Professor of Psychology

UC Los Angeles



Richard A. Schmidt, a retired UCLA Professor Emeritus and leading scientist and researcher at the intersection of the fields of psychology, physical education and kinesiology, died at home in Los Angeles on October 1, after battling a long illness. He was 74. The cause was conditions related to progressive supranuclear palsy, a rare degenerative brain disease. His wife, Gwen Gordon, said that his symptoms first appeared in 2007.


Richard Allen Schmidt was born in March, 1941 in Evanston, Illinois. The son of a printer and avid sportsman, his family emigrated westward to Los Angeles, seeking opportunity in the war industries which were booming in this region at the time. He planned to become an electrical contractor or high school mathematics teacher, but instead graduated with advanced degrees from the University of California (Berkeley) and the University of Illinois (Champagne-Urbana), beginning a long career of teaching and ground-breaking research in motor control and learning which ultimately made him a giant in the field, with a name known to his peers around the world. He was a nationally ranked gymnast in college; this kindled his interest in how complex movements are learned and "remembered" by the body.


At the time, the fledgling science of kinesiology (the study of the physiological, psychological, and biochemical bases of human movement) was just beginning to emerge from the more traditional field of Physical Education, which focused mainly on the learning and teaching of sports and games. Fired by the idea of applying rigorous scientific methods toward the understanding of kinetic movement, he conducted innovative laboratory research and began publishing his work in academic journals of the day on a variety of topics: motor behavior; motor learning; the role of warm-up and various types of training in skills acquisition, and the impact of feedback on performance and learning. He solidified his impact on the field in 1971 with the founding of a new research publication, the Journal of Motor Behavior, which quickly became the publication of record for the latest thinking and research in the area.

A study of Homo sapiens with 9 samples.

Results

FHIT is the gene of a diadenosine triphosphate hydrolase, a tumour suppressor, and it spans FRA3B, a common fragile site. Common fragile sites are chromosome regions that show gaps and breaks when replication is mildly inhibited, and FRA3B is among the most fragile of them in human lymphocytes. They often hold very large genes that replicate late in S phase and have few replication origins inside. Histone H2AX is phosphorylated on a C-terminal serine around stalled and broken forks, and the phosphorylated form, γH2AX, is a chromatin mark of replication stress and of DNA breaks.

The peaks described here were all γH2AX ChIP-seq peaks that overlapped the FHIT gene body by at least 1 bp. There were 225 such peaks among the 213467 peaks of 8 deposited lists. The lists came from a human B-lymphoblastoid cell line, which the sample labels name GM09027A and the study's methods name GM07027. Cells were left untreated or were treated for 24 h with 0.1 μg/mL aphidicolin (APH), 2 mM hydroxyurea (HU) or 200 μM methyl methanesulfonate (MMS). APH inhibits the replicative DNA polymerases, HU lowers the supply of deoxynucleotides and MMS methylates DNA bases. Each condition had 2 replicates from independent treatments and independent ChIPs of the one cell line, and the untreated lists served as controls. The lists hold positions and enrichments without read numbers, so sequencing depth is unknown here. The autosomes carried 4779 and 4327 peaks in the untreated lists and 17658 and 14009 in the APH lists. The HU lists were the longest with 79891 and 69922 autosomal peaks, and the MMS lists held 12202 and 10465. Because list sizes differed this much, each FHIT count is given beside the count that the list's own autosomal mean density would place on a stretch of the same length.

His legacy was further assured in the late 1970's with his proposal of a comprehensive new theory of motor behavior, called Schema Theory, which became an important driver of scholarly thinking and research for many years going forward. This earned him various important academic awards, including Citation Classic and Distinguished Scholar. He received two honorary doctorate degrees, from the Catholic University of Leuven (Belgium) and the University of Joseph Fournier (France); mentored many Ph.D-level students during his long academic career, and authored four textbooks, one of which continues to be the premier graduate-level text. In the late 1990's he joined Failure Analysis Associates, a firm specializing in courtroom testimony, and in 1998 formed his own firm, Human Performance Research, to offer consulting in human performance as an expert witness.


At this time he became recognized as the world's leading expert on driver pedal errors associated with unintended acceleration accidents in automobiles. In addition to college gymnastics, Dr. Schmidt was also an outstanding athlete in several other fields. He was as avid and lifelong competitive sailor, competing at regional and national levels and winning championships in various sailing classes: Seashell, Windmill, Snipe, and Shock 35. He also joined the international running movement of the 1980's, racing frequently and completing several sub-3-hour marathons. Finally, he was a motorsports enthusiast (he owned 5 Porsches) and competitive auto racer in his later years. He is survived by his wife of 44 years, Gwen Gordon of Los Angeles; a brother, Craig, of Santa Barbara; two sons, Michael Nova, of Petaluma; Jeffrey, of Napa, and two grandchildren.